RealTime IT News

VCs See Little to No Improvement in 2002

NEW YORK -- This year will be just as difficult as 2001 for venture capitalists because of the uncertainty of valuations in the public market and accountability to their own backers, a panel of investors explained on Tuesday.

Speaking at the 2002 SIIA Information Industry Summit in NYC, panel moderator Ed Paisley described the session as a gathering of "survivors" but added that bleak market conditions will likely shut off the VC faucet until well into 2003.

"Usually, I'm the pessimist. But in this case, it's difficult being anymore pessimistic," said Paisley, managing editor of The Daily Deal.

In 2001, only 91 companies were able to complete an initial public offering, representing the lowest IPO volume in three decades, according to Paul Noglows, managing director at JPMorgan H&Q. And after coming to market, conditions didn't improve. Technology-related IPOs declined 45 percent on average in 2001.

Part of the problem is also due to a shortage of experienced VC investors. By 2001, the venture capital market had exploded to 980 firms, compared with 380 in the 1990s and less than 50 VC firms in the late 1970s, according to Pat Kenealy, managing general partner at IDG Ventures. As measured by volume, that means two-thirds of all venture funding ever raised have come over the last 10 years. But that only means that approximately 600 VC firms (the overwhelming majority) are dealing with their first real economic and market downturn, Kenealy observed.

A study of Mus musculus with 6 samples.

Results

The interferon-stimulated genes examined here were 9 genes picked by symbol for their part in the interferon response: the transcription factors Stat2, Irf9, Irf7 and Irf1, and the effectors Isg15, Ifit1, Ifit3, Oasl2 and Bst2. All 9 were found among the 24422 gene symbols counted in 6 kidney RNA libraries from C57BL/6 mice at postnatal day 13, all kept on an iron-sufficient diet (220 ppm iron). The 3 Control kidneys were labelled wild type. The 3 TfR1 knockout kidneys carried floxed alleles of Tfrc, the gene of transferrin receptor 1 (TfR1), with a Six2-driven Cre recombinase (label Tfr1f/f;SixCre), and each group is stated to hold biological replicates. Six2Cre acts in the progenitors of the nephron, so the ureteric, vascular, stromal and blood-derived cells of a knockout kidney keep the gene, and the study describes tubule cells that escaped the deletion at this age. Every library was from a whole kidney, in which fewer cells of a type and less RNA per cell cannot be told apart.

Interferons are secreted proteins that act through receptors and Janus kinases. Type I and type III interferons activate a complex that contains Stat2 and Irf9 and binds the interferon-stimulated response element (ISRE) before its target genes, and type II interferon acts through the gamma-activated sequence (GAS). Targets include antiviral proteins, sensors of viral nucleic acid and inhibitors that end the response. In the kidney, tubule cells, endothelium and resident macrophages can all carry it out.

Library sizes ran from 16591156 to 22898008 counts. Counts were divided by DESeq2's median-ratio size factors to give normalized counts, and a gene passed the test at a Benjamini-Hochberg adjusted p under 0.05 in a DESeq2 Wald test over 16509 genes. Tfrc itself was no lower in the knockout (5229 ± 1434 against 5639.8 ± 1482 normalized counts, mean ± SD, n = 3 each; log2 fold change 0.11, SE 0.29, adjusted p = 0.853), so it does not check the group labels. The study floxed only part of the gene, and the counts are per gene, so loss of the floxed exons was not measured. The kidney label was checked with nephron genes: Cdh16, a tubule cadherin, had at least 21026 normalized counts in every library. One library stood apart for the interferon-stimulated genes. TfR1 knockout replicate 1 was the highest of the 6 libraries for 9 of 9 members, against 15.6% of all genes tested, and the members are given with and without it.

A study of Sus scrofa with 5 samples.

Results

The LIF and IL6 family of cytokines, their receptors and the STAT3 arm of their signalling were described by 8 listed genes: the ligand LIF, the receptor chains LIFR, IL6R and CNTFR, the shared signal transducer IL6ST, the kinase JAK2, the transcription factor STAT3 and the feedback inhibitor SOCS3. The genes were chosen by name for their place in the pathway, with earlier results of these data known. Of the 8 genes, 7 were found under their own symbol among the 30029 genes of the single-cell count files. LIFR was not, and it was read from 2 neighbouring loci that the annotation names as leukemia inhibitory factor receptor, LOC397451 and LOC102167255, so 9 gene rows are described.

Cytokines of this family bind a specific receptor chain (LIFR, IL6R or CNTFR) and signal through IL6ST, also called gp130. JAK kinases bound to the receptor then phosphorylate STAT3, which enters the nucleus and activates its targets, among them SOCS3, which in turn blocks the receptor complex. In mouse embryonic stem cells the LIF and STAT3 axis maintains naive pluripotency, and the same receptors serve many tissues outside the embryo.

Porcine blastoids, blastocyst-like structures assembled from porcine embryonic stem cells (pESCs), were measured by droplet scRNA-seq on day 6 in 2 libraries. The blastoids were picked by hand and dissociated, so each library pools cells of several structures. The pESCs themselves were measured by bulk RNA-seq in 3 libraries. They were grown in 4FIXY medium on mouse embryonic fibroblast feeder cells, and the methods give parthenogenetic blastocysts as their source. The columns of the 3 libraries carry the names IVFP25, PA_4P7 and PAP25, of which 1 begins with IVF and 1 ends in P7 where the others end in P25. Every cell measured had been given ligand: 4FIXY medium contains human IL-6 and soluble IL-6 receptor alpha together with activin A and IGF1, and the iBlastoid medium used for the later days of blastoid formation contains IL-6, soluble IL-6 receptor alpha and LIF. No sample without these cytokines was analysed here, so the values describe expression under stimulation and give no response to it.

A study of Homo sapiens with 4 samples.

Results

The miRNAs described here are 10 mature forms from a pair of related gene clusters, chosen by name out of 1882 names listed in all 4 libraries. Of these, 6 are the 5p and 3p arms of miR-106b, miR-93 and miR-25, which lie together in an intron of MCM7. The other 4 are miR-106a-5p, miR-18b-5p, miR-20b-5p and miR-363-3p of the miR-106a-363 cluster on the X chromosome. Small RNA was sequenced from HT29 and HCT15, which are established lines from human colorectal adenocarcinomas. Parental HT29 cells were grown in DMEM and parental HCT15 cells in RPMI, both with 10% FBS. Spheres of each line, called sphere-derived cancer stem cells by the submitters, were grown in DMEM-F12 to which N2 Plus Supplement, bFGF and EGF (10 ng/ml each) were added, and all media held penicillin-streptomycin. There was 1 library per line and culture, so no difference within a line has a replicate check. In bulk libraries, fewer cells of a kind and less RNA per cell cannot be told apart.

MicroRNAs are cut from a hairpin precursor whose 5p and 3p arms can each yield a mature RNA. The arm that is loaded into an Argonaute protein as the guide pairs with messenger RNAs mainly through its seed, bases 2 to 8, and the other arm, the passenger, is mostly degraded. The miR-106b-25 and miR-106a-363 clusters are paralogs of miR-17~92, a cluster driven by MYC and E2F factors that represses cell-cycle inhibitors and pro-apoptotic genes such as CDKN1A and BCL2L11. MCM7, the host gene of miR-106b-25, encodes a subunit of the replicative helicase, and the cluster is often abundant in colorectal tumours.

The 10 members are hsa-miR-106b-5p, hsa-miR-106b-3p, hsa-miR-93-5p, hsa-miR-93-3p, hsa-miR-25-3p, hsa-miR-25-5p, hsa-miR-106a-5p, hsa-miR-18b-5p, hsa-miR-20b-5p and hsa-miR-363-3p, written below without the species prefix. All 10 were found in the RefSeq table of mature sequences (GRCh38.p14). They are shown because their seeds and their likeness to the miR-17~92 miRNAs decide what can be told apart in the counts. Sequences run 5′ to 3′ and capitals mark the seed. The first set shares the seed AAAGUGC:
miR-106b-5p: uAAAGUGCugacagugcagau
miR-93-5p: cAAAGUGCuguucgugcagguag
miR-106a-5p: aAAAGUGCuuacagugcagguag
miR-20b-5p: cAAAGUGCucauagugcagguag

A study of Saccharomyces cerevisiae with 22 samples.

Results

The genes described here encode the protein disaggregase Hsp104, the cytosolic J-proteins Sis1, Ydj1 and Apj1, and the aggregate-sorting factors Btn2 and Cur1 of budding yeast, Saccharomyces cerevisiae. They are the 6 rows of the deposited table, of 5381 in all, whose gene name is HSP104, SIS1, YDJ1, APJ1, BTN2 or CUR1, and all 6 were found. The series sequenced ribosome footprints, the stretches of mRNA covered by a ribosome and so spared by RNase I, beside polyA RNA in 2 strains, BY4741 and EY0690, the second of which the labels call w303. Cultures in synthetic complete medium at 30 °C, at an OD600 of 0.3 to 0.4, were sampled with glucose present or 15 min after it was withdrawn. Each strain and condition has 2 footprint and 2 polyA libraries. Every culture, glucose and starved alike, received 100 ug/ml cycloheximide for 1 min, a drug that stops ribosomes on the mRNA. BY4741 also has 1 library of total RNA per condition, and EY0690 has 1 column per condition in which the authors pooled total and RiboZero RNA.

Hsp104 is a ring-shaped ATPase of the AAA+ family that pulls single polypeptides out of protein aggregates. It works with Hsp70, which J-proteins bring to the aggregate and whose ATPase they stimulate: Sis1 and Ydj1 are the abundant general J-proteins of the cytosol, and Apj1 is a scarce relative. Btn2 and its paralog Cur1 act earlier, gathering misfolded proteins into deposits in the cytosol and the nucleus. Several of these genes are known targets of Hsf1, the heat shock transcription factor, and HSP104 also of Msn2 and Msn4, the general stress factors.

"We see another year of triage...2002 will not be as hard as 2001 was but it won't be measurably easier until after 2003," Kenealy said.

VC will more likely turn to mergers or acquisitions as an exit strategy because of the discrepancies in perceived values of publicly traded technology (especially Internet) stocks, explained JPMorgan H&Q's Noglows.

"My day job has changed considerably...the last IPO I worked on was September 2000," said Noglows, a sell-side media analyst. "Our business has shifted significantly. There is much more of an M&A focus. [But there's] still serious questions about valuations."

To be sure, there are still signs of life in the capital markets for technology, even Internet-related, companies, added Howard Tullman, a self-described serial entrepreneur. But investors just need to keep in mind a few rules, namely "not to do something cheaply that you wouldn't do at all."

In other worlds, just because lower market sentiment has created buying opportunities, the business model and growth prospects still needs to be viable, Tullman explained.